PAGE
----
Like most Americans of a certain age, my first time experiencing Harry Styles as a solo artist was when he appeared as the musical guest on Saturday Night Live back in April. Placed in the context of a show that’s been enjoying a revival due to their topical, often political, humor, Styles’ debut single “Sign of the Times” felt poignantly appropriate. Broadcast live across the entire country, it felt like a musical State of the Union. Bearing in mind that earlier that weekend the leaders of both the United States and North Korea were taking up headlines in the real world with nuclear threats, it adds a little weight to the sight of an impeccably dressed young man singing “Welcome to the final show/Hope you’re wearing your best clothes.” Yes, subsequent performances and photos would prove that in fact, those were not the finest his wardrobe had to offer. However, for the moment at hand, he looked better than ever, sounded wonderful, and with an album due out in a few weeks, he offered folks something finally worth anticipating.
Do not be fooled by the song’s title. If the song were to have a spiritual ancestor, it would be traced back to a different artist who passed away in 2016: David Bowie, specifically his song “Life on Mars?.” Both start softly, with piano, and continue to build to full, epic crescendos, rising and falling throughout courtesy of dynamic vocal performances. Bowie’s protagonist ponders the possibility of escaping to another planet to escape the mess we’ve made on this one, and Styles seems to agree that indeed, “we’ve got to get away from here.” That’s not to count Prince out the equation entirely though- as Styles heads toward the song’s finale, the song bears a strong resemblance to Prince’s own grand yearning for redemption, “Purple Rain.”
For those of you just tuning in- Harry Styles initially rose to superstardom as a member of the “boy band” One Direction. If fan fiction found online, and songs written by Taylor Swift are any indication, Mr. Styles was widely regarded as the most charismatic member. His band went on hiatus and other members released their solo material which was pretty much along the lines of what everyone expected. What came as a surprise was that with the arrival of his eponymous debut album, Harry Styles didn’t simply pick up where the band had left off, opting instead for more of a reinvention than a continuation. As a whole, his album is less of a party and more a reflection that comes with the following morning. His vocal talent is still present. If anything, his range is improving and perhaps showcased in a better fashion as a singer/songrwriter, focusing his art toward making some sense out of what has already happened in his young, charmed life.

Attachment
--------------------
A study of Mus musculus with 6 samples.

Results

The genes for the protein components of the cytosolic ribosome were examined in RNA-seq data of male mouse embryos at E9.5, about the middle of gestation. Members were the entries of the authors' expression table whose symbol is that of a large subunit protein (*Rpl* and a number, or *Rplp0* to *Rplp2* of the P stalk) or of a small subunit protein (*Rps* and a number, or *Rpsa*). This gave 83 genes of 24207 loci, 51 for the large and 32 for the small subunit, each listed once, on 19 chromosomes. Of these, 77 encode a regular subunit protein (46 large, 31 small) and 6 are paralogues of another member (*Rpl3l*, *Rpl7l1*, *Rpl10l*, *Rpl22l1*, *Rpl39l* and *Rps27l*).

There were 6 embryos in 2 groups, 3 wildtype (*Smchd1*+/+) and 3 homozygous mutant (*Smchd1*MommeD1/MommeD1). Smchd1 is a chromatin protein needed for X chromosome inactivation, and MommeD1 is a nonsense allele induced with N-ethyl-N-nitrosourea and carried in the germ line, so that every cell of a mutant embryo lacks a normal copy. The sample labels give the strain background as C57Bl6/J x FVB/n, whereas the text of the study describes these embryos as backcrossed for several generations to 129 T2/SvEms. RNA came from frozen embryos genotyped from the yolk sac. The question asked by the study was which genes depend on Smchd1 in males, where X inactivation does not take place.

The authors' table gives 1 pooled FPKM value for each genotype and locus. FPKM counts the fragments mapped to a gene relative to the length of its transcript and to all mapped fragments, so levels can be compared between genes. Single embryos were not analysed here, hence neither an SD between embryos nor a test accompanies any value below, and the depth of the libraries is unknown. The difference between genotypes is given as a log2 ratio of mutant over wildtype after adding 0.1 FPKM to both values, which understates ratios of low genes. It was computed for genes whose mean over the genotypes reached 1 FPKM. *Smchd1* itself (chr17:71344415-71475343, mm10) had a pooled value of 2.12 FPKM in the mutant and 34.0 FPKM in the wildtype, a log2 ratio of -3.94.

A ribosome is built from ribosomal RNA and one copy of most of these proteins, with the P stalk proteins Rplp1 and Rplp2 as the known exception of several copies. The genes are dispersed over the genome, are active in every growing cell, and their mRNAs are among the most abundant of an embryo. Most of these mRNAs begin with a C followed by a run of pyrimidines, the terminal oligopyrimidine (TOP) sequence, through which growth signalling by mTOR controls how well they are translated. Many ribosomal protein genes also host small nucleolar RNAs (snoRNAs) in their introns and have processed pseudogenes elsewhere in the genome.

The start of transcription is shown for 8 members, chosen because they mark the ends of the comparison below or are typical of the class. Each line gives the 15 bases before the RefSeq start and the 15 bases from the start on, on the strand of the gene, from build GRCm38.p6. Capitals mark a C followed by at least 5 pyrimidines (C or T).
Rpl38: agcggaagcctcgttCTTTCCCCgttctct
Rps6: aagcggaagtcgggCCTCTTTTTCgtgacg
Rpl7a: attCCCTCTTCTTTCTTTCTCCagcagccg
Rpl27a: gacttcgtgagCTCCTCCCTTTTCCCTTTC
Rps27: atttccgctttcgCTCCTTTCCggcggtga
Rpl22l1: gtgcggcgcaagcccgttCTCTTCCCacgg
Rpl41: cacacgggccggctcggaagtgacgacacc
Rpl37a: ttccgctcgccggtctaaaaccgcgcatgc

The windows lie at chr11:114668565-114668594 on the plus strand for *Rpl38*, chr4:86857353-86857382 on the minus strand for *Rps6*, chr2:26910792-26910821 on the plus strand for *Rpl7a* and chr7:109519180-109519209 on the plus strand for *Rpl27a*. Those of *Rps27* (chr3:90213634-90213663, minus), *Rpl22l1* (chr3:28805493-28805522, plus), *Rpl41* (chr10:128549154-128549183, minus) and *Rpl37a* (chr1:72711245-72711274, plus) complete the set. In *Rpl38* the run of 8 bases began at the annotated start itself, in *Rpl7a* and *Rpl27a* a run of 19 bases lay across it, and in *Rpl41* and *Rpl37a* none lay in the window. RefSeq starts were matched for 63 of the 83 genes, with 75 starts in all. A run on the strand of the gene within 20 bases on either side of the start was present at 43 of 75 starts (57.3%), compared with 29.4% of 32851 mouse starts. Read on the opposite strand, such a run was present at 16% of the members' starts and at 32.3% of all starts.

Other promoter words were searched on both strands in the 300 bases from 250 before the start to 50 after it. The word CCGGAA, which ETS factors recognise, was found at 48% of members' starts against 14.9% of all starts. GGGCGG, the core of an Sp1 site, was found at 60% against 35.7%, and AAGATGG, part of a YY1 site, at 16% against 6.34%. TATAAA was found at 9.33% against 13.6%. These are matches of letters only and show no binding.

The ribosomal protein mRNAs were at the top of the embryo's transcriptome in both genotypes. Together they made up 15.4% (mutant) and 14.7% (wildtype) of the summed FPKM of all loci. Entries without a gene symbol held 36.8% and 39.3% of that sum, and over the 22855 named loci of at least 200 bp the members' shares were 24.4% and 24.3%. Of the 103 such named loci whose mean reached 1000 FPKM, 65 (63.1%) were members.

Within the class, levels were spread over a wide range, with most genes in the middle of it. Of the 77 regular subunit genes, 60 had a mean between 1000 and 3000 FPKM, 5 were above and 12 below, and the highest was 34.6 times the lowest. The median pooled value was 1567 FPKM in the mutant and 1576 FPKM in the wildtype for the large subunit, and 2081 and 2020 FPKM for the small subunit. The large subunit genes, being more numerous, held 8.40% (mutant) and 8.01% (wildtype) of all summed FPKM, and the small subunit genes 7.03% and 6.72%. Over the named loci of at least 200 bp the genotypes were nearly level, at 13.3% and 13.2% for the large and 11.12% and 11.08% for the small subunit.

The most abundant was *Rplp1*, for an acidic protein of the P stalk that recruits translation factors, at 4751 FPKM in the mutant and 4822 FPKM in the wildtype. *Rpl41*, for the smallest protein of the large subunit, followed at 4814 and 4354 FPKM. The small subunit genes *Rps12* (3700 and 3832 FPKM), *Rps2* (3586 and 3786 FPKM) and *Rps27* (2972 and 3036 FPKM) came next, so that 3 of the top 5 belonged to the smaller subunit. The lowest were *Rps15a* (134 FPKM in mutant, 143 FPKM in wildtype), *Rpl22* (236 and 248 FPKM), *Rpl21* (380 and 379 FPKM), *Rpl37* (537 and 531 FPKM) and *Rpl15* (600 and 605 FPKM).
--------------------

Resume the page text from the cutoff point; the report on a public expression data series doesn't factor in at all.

Like many singer/songwriters, Harry Styles is going with the guitar as his weapon of choice, particularly the acoustic guitar, which is featured on almost every song. Conversely, three songs are completely without drums: the woozy, psychedelic hangover “Meet Me in the Hallway” that opens the album, “Sweet Creature” a pretty number that sits close to the center of the album (and seems to be an ode to someone who keeps him centered as well), and the albums closer, “From the Dining Table,” a disarmingly honest and stark track that leaves the listener no right to ask for more. There are definitely some good times found in between as well, such as the rollicking gallop of “Carolina” and the gleeful glam-stomper “Kiwi.”
If there is any trace of his previous experiences as a pop sensation , perhaps it can be found in his lyrics. After beginning his career as a teen heartthrob, one can imagine he has indeed met a few ladies. At this point in the game though, he seems far from jaded. By and large his perspective seems to go from wonder and excitement over ladies he’s met, to confusion and weary acceptance over ladies he’s lost . Nothing in the way of conquest bragging, even the bawdy “Only Angel” has a few lines detailing his commitment to her pleasure. Harry is indeed the rock star the 21st Century needs.
Years ago, Paul Simonon of the Clash had commented the band was political, but it was more often “politics with a small ’p’.” Along those lines, Harry Styles debut is indeed revolutionary with a small “r.” It’s a very organic, guitar driven album in an age of programmed beats and computerized sounds. It’s an eclectic album anathema to entertainers who work 24/7 trying to remain “on brand.” Perhaps most refreshing, its an album that retains an air of mystery long after we’ve gone past the idea of Too Much Information. Hmmm…maybe that’s refreshing with a capital “R.”